PROSPECT — The candidate running for mayor on the Democratic ticket is a political unknown, even amongst most of his party.
Louis Booth, 23, won the nomination from the Democratic Town Committee July 18 despite being unknown to practically all of the members.
Booth was not present at the caucus due to the fact that only registered Democrats could attend. He had registered as a Democrat the day of the caucus and his paperwork was not filed until the following day.
When contacted after the meeting Booth said he is running for mayor in part to help get members of the younger generation involved with local politics.
“I’d like to help to bring more of my peers into running the town because inevitably it will become our responsibility,” Booth said.
Booth, who has lived in Prospect his whole life and graduated from Woodland Regional High School, is currently attending Naugatuck Valley Community College. He is one semester away from graduating with his associate’s degree in general studies.
Booth said, if elected, he wants to give residents an easier open forum to help them air issues and to be able to answer their questions to their satisfaction.
During the caucus there was a question about whether Booth would be a viable candidate to run for the office, since he was not technically a Democrat at the time he was nominated. It was later decided that, according to the town Charter, he meets the requirements by being a resident and elector at the time of the election in November.
The committee asked Dominic Mirabelle, who nominated Booth, to tell them something about the candidate.
“He wants to be mayor so we can have a mayor in this town that doesn’t hide things and spends our money,” Mirabelle said.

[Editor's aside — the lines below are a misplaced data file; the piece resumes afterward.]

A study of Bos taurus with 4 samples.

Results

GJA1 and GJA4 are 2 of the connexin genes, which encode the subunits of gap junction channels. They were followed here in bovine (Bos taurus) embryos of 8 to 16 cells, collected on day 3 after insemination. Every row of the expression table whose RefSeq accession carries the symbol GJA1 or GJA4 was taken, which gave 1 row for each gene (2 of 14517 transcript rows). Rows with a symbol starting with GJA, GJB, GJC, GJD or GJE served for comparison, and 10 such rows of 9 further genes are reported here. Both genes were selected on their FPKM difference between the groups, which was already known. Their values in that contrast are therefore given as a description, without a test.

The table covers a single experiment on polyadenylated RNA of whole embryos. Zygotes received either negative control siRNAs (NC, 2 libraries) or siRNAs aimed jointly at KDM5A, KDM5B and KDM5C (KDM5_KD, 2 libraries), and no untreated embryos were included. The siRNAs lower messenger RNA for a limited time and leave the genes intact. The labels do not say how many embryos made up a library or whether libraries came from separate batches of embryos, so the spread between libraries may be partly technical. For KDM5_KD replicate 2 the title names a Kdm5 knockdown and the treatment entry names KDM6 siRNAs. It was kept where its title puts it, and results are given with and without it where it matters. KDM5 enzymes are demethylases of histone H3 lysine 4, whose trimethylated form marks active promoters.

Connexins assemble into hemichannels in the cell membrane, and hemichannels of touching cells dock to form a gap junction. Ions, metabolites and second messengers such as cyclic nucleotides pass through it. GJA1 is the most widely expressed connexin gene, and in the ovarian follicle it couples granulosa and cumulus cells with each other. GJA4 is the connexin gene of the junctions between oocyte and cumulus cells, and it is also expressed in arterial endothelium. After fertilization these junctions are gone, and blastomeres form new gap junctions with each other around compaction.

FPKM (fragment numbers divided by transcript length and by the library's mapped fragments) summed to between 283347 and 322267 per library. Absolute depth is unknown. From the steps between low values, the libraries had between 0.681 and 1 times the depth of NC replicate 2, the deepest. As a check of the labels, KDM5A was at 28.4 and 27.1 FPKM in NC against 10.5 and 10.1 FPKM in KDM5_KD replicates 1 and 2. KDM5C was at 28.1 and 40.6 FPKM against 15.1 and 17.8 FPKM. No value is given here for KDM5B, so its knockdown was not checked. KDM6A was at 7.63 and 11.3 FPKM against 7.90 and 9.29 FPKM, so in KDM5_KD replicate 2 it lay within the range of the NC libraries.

Town Council member Theresa Graveline raised concerns about supporting someone for mayor she has never met.
“I don’t know Louis,” Graveline said. “I don’t know what his intention is. I don’t know what he might hope to accomplish as mayor. For me, that’s important to know as to whether or not I could support him as a candidate.”
Graveline said she would not be able to support him at the caucus since she didn’t know his platform.
Graveline said she didn’t want to support someone just to fill the slot for office of mayor.
“I’ve always said it’s not just a warm body, it’s someone who’s capable of doing the job,” Graveline said.
Graveline’s concerns were echoed by other council members. There were no other candidates that were nominated. So, when the committee closed the call for nominations, Booth was accepted as the candidate.
Democratic Town Committee Chairman Eileen Cranney said she’s sure the committee and Booth will have a chance to talk during the next meeting.
“I’m sure he’ll be at the next Democratic Town Committee meeting. I’m sure we’ll find out a lot about him and he’ll find out a lot about us, and we’ll move through the process,” Cranney said.
Incumbents Graveline, Patricia Geary, and Carl Graveline were endorsed to run for re-election to the council.
Two new candidates, Cranney and Carla Erickson, also received the nominations to run for council.
Michael Scaviola, who currently serves on the council, said he did not seek to run again because he felt a lack of support from his fellow Democrats and felt the party is lacking direction.
The committee nominated Larry Fitzgerald, principal of Sacred Heart School in Groton, to run for a two-year term on the Region 16 Board of Education.
Fitzgerald said he wanted to run because he has experience as a principal and would like to help the region.
“I’m interested in being on the Board of Education to help oversee Region 16. It’s a great school system and I want to see it stay that way,” Fitzgerald said.
The committee didn’t endorse candidates for the two four-year terms open on the school board this year.
The committee nominated newcomer Peter Kemp for the Planning and Zoning Commission. Newcomers Sam Blinstrubas and Chris Mariotti were nominated to run for the Zoning Board of Appeals.
The committee endorsed incumbent Peter Blinstrubas and newcomer Louis Kuegel to run the Board of Assessment Appeals.
Blinstrubas said he is running for another term on the board because he is interested in serving the community.
“This was another way of doing that, so I figured I’d do this board one more time and see what’s next,” Blinstrubas said.